The Punjab government on Monday claimed in the Supreme Court that it was being “unfairly treated” on the water-sharing issue and sought the setting up of a fresh tribunal to resolve its dispute with other states on the Sutlej-Yamuna Link (SYL) canal issue.
“Throughout the course of history, it is Punjab that has been unfairly treated, so much so that now people have started opposing their own government. Why are farmers in the state being deprived of irrigation?” questioned senior advocate Ram Jethmalani, appearing for the state before a five-judge constitution bench headed by justice AR Dave.
“Today what Haryana has got is not being noticed at all. It has got a windfall by taking the share of Yamuna water. Punjab is not getting its due share even from the Ravi and Beas. The state has preferential right as far as these rivers are concerned. We are getting nothing from Yamuna, Ravi and Beas,” said Jethmalani.
‘Apex court has no jurisdiction’
Referring to Article 262 of the constitution, he said the apex court does not have jurisdiction over the matter and water dispute matters can be heard only by a tribunal created for the purpose.
Article 262 states that the Parliament may by law provide for the adjudication of any dispute or complaint with respect to the use, distribution or control of the waters of any inter-state river or river valley.
“In sub-clause (2) it says: ‘Notwithstanding anything in this constitution, Parliament may, by law, provide that neither the Supreme Court nor any other court shall exercise jurisdiction in respect of any such dispute or complaint as is referred to in clause (1),” said Jethmalani.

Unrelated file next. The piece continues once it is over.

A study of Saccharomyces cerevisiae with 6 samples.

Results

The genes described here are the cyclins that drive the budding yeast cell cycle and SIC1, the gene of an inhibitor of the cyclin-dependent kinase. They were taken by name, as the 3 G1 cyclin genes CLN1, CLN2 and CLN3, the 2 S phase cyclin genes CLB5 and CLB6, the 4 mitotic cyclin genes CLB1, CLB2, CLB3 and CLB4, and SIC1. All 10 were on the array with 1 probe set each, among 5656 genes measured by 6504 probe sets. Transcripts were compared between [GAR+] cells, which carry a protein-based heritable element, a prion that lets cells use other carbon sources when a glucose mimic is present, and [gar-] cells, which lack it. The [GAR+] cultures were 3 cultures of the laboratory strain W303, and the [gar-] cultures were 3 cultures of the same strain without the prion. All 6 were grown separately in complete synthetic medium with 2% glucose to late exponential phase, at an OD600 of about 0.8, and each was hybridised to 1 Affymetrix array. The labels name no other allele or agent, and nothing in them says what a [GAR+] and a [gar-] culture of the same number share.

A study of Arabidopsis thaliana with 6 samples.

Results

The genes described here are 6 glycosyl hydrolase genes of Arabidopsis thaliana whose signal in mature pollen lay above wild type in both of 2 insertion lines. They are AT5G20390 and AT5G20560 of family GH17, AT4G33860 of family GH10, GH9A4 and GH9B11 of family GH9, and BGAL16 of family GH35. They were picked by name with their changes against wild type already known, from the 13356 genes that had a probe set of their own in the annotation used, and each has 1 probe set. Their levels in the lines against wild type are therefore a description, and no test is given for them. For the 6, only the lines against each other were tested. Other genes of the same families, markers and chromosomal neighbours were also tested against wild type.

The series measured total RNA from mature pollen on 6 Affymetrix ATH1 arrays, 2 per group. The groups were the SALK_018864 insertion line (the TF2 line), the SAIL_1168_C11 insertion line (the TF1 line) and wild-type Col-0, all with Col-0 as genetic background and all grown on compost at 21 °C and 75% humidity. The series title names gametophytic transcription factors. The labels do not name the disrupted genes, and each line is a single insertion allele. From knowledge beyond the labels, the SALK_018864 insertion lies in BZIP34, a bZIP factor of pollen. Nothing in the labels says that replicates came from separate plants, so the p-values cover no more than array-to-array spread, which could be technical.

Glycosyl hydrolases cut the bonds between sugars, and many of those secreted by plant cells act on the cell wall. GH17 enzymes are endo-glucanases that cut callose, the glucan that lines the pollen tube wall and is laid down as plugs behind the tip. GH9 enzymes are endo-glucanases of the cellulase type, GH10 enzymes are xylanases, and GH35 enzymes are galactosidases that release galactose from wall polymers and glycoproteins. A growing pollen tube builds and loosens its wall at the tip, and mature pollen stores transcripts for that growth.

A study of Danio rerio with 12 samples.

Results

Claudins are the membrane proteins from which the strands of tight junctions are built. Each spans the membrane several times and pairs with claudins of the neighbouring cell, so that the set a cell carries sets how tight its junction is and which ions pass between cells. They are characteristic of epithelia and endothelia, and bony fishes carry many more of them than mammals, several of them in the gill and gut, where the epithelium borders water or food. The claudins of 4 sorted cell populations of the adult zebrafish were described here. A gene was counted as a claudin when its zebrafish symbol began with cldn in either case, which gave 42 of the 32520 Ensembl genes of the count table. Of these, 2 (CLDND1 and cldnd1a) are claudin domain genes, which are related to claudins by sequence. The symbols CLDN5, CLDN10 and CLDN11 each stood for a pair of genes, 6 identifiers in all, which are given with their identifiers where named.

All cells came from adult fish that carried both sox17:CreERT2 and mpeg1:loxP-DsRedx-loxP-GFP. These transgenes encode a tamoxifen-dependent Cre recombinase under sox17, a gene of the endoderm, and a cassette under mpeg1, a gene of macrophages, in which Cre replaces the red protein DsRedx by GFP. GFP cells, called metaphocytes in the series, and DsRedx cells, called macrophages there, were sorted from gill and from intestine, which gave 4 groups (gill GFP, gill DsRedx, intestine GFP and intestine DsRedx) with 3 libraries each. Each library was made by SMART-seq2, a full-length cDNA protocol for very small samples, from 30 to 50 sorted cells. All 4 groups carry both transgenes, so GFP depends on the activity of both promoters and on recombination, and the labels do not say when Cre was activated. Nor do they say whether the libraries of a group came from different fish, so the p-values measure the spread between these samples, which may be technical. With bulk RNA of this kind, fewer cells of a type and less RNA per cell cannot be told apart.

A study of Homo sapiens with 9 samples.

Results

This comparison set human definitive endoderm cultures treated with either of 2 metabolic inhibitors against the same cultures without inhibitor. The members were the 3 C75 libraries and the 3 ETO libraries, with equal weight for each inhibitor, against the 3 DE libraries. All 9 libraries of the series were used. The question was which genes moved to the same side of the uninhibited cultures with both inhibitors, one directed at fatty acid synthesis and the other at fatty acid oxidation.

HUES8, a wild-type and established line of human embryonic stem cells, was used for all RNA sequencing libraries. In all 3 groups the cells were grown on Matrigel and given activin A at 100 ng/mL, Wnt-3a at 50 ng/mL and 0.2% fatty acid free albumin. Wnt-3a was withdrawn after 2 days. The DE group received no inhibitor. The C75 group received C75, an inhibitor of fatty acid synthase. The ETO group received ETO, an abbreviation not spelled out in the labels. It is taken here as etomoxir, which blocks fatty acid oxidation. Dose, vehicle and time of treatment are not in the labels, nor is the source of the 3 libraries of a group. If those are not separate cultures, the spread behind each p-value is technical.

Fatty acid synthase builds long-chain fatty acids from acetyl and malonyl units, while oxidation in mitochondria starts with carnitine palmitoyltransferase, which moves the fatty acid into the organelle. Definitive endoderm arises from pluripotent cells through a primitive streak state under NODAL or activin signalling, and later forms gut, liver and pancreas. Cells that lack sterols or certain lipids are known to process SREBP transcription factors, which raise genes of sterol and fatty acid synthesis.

The noted jurist further said that under the Inter-State Water Disputes Act, every agreement had to be reviewed after a gap taking into account falling flow of the river water and other circumstances. He said the SYL canal issue is no different as the allocation of water was made 60 years ago.
The hearing remained inconclusive and will resume on April 18. Isolated by other stakeholders over the issue, Punjab had said that it was not bound to answer the Presidential reference made at the instance of the Centre, which had no power to resolve the dispute.
On April 4, the hearing had seen Rajasthan, Himachal Pradesh, Delhi and Jammu and Kashmir siding with Haryana, following which the bench had asked the attorney general or solicitor general to clarify the Centre’s stand on the reference pertaining to the Punjab Termination of Agreements Act, 2004.